Professor Richard Thompson OBE FRS
Local community beach cleans could be more effective than high-tech, but often unproven, removal technologies at limiting ocean plastic’s harm to the environment and humans, according to a new report.
Published to coincide with the latest round of United Nations Plastics Treaty negotiations, in Ottawa, Canada, the Legacy plastics: technologies and interventions to remove existing plastic from aquatic environment summary report looks at how and where plastic removal can be most effective.
The single most important factor identified in the report is preventing plastic waste entering the environment in the first place.
However, it concludes some plastic removal will be beneficial as already high, environmental plastic concentrations are expected to triple by 2060 under business-as-usual scenarios.
It recommends that priority areas for clean-up be identified according to where plastic poses the greatest threats to ecosystems or human wellbeing, not just where concentrations are highest. 
Professor Richard Thompson OBE FRS, Professor of Marine Biology and Head of the International Marine Litter Research Unit at the University of Plymouth, is the report’s lead author.

Although clean-up is not the solution to the plastic problem, there are circumstances where it may be beneficial, both to protect ecosystems and limit any potential harm to human health. It is essential that any technologies designed to remove plastic pollution from the environment are properly evaluated before they are deployed to ensure they are effective and there are no unintended environmental impacts. However, the focus must remain on prevention, rather than symptom management, as a solution to plastic pollution.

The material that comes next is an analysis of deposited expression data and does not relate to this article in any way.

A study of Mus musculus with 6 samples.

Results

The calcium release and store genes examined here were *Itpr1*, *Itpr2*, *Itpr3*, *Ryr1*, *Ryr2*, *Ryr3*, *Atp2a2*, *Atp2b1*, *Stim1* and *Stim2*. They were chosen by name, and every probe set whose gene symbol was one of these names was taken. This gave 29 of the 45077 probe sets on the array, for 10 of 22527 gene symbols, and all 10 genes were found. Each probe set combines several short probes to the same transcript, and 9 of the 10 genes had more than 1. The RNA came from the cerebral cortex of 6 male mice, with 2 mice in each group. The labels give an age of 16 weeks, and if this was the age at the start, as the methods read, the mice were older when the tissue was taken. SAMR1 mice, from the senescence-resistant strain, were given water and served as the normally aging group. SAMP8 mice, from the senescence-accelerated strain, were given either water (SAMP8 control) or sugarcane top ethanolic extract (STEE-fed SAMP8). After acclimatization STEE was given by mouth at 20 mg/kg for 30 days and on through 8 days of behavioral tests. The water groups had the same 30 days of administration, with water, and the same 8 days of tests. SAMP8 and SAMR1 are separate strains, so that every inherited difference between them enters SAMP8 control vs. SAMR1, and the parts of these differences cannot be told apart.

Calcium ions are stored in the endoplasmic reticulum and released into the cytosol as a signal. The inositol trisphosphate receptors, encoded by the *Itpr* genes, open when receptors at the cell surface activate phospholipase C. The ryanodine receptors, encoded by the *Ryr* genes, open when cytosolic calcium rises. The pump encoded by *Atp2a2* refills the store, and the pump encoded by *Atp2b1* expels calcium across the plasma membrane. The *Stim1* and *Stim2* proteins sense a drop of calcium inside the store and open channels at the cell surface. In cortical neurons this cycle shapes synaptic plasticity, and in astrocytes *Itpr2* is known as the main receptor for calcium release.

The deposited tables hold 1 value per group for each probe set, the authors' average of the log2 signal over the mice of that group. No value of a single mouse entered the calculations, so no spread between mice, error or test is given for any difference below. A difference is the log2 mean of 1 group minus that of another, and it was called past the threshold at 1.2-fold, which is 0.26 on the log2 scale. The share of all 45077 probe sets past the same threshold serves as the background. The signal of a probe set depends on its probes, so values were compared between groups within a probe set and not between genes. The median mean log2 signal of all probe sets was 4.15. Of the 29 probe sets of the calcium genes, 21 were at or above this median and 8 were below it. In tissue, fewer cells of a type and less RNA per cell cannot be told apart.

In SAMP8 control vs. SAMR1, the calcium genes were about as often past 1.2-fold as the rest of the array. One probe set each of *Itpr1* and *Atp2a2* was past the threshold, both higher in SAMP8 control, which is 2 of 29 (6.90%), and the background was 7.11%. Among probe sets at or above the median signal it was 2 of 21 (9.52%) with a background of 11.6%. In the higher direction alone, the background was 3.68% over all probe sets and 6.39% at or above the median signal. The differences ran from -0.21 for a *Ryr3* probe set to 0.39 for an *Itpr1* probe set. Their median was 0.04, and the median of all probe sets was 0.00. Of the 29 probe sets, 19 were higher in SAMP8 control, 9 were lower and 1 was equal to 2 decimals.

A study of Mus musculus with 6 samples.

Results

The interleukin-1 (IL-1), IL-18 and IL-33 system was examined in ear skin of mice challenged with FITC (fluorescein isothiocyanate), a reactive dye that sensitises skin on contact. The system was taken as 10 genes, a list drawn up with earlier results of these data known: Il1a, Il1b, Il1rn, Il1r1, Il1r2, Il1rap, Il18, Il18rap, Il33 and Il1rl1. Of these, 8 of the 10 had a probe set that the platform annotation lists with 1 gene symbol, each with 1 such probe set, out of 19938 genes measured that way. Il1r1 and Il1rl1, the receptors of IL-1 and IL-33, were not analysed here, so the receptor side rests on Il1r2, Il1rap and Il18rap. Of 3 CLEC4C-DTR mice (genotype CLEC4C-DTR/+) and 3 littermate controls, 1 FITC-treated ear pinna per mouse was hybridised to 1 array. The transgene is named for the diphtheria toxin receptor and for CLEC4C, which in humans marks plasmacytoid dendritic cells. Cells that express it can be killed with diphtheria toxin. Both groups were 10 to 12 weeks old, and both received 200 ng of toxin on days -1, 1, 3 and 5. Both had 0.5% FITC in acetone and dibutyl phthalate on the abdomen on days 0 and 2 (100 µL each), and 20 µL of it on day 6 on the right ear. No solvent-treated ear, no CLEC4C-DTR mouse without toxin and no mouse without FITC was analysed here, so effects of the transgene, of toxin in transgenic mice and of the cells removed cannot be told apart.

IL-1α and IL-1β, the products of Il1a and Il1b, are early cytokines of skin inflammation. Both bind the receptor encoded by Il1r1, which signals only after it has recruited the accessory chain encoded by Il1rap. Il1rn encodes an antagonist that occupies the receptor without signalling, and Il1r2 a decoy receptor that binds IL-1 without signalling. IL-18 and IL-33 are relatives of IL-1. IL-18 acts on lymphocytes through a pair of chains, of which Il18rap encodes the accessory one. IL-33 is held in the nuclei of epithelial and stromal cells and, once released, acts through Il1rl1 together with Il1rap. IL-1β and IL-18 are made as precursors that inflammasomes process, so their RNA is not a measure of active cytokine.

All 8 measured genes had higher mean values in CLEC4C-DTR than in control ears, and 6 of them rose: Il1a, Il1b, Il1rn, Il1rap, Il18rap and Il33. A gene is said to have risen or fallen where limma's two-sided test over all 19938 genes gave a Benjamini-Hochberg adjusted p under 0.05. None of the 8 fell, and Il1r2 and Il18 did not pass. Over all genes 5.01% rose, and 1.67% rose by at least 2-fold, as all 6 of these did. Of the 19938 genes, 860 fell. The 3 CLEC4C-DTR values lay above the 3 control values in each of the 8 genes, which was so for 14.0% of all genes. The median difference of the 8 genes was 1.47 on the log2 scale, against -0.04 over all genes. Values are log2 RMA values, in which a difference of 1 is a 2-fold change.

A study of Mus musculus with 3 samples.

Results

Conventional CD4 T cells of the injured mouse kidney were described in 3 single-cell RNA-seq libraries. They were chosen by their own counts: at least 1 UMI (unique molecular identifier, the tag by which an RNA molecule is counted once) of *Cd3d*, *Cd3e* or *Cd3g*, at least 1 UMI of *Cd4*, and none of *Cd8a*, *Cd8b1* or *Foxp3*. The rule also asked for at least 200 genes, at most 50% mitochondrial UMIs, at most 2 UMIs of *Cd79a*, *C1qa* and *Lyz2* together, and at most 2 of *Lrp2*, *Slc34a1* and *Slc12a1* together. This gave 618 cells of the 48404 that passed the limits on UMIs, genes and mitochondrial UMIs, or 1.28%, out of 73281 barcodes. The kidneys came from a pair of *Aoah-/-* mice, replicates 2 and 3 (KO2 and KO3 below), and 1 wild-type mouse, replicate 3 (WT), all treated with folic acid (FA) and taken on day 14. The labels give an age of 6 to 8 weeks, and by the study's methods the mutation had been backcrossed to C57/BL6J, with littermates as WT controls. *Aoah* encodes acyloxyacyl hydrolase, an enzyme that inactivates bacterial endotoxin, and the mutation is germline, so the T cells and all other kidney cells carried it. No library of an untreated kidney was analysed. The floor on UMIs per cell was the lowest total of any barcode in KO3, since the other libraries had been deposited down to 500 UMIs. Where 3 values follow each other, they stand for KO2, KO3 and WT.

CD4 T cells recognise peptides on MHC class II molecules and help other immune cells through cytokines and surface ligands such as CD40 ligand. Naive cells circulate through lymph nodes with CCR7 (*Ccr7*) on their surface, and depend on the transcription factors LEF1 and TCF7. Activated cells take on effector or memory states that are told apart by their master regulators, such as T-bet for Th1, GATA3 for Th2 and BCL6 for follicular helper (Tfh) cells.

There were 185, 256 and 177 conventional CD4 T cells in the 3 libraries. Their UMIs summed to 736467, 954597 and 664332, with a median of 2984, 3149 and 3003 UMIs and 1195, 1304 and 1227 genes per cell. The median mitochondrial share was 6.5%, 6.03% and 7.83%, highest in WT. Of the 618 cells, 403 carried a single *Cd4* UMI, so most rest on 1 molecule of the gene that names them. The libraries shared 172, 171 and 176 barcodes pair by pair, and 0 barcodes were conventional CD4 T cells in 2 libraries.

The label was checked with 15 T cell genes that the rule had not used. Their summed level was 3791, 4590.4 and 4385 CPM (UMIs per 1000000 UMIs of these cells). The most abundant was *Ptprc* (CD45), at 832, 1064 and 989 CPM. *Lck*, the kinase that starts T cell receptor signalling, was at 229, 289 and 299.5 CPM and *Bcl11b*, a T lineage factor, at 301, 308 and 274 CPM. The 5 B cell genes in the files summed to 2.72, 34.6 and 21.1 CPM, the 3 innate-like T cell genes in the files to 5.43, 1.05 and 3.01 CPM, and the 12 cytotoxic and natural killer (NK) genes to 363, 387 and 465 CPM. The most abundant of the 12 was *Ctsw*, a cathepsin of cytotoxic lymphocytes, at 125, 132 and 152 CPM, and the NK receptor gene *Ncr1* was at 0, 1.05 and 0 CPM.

Richard Thompson OBE FRSRichard Thompson OBE FRS
Head of the International Marine Litter Research Unit

Around 88% of marine plastics are predicted to accumulate close to the shoreline, often on beaches and in estuaries. These areas typically support highly productive ecosystems with high economic value as tourism destinations, elevating the potential benefits of clean-up efforts.
While research and technology will have an important part to play, particularly in helping identify environmentally vulnerable ‘hotspots’, many proposed clean-up solutions are context specific and therefore a range of solutions will be required to target different circumstances. 
The report evaluated a range of clean-up approaches but found many technologies lack evidence on their effectiveness, scalability, and any negative environmental impacts. Where evidence does exist, it confirms the potential for environmental impacts.
In the absence of clear evidence on the overall benefits of technological clean-up, policy makers should focus on relatively low-tech solutions like beach and river clean-ups, which have a low environmental impact and range of co-benefits.
In the report, marine biologists and ecologists comment on a range of technologies designed to combat and clear plastic pollution, including ocean booms, magnetic separation, graphene carbon fibre aerogels, and beach hoovers.
While many methods showed promise in clearing some plastic from specific environments, the report concludes that few could be used at scale or in a range of different environments. The environmental cost of many of these technologies is also largely unknown and should be fully evaluated before they are implemented more widely. 
Despite this lack of evidence on efficacy, of the 27 plastic removal technologies evaluated in the report around two thirds are currently being manufactured and are ready for use. 
Alongside technologies designed to remove plastic from the environment, the report also looked at techniques that could be used to identify plastic pollution ‘hotspots’ to help prioritise areas for clean-up.
Modelling could help to predict where plastic pollution may accumulate in the ocean, while drones could quantify and identify plastic on shorelines, potentially helping to prioritise locations where clean-up would be most valuable and effective.


The University's research has provided evidence for the Global Plastics Treaty and our scientists have participated in the international discussions around its development and delivery.
They will be attending INC-4 in Ottawa, Canada, where they will also coordinate a panel event focused on some of the materials currently being developed as alternatives to plastics.